Our Local History
The Delta Area – which includes the small communities of Edcouch, Elsa, La Villa, and Monte Alto – became a busy agricultural center in the Rio Grande Valley during the 1920s when the Southern Pacific Railroad laid train tracks through here. The area was coined the “Magic Valley” in an attempt to draw people to the area, and Northeasterners heeded the call and came to develop the land. As a sign of the great prosperity happening here, the Delta Area claimed a zero percent unemployment rate while the rest of the country was suffering through the 1930s Depression, due in large part to a vibrant agricultural industry. During this boom, many Mexican families came to the area looking for work.
Over time, however, a number of factors led to a decline in the local agricultural industry including the freezes of 1949 and 1951, the development of mechanized labor, and the development of roadways that ultimately replaced railroads as the primary means to transport crops. With a labor force that was unprepared, uneducated and untrained for employment in other industries or services, new industry settled in other parts of the Rio Grande Valley and Texas.
The hardships from the displacement of the agricultural industry remain today. In the towns comprising the Delta Area, the total population of 20,000 has an unemployment rate ranging between 20% – 32% depending on the migrant cycle. These rural towns, located 15 miles north of the Mexican border, are home to a community that is 95% Hispanic, with almost 50% of school-age children participating in the migrant stream. The Edcouch-Elsa school district is recognized as the third poorest in Texas and has a significantly higher economically disadvantaged population (85.1%) compared to the state average of 45.1%.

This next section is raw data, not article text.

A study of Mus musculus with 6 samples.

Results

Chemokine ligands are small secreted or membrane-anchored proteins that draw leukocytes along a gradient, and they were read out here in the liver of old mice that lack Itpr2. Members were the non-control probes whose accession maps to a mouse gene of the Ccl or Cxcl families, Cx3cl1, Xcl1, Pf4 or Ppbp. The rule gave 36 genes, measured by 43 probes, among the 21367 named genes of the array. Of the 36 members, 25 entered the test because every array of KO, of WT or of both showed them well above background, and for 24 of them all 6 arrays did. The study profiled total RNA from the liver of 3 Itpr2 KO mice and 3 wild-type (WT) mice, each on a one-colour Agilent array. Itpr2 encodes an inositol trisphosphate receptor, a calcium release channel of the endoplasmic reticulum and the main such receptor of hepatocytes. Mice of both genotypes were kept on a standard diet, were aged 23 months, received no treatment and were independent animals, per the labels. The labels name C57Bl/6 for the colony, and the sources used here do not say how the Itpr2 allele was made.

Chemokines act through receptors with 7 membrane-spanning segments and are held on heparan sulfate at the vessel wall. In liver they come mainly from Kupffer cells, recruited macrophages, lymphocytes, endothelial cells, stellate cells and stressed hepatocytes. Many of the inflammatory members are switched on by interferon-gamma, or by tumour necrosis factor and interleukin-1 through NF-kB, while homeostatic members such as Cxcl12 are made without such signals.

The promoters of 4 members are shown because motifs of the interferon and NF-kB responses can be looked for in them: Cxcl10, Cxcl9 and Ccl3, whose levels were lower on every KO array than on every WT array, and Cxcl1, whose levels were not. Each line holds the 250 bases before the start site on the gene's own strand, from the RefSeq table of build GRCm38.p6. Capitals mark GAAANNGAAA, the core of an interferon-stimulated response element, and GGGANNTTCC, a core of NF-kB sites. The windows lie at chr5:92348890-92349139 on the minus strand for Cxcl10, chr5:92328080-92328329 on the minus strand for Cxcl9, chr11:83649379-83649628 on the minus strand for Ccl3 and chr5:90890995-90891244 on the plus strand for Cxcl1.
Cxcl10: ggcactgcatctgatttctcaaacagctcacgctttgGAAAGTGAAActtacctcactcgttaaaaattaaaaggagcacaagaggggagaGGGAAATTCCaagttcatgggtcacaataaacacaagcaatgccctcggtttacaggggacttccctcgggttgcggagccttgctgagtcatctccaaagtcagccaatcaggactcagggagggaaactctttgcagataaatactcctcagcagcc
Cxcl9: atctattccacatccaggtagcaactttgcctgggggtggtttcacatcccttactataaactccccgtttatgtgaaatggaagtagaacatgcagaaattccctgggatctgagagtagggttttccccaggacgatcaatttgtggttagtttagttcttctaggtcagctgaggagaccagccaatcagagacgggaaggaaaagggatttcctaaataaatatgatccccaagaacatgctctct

The agricultural boom of the early 20th century was built by “outsiders” on the backs of Mexican labor. This practice was profitable for very few families, while it simultaneously neglected the educational development of the workers and their children. These laborers suffered from years of geographic and social isolation, economic stagnation and educational neglect. The communities of the Delta Area struggled with these tensions for decades, and the issue surfaced into the mainstream consciousness with the 1968 walkout of Edcouch-Elsa High School students protesting what they saw as a racially oppressive school environment. Gaining national media attention, the EEHS walkout is credited with beginning the movement to recognize the injustices of the school culture created by local leadership at that time.
It would not be until the late 1980s when a homegrown leadership would begin to revitalize the region. Young graduates of Edcouch-Elsa High School understood that economic revitalization was of paramount importance to the survival of the region and that it would begin with education. Thus, the search for educational, economic, and political reinvestment has guided the vision of the Llano Grande Center for Research and Development.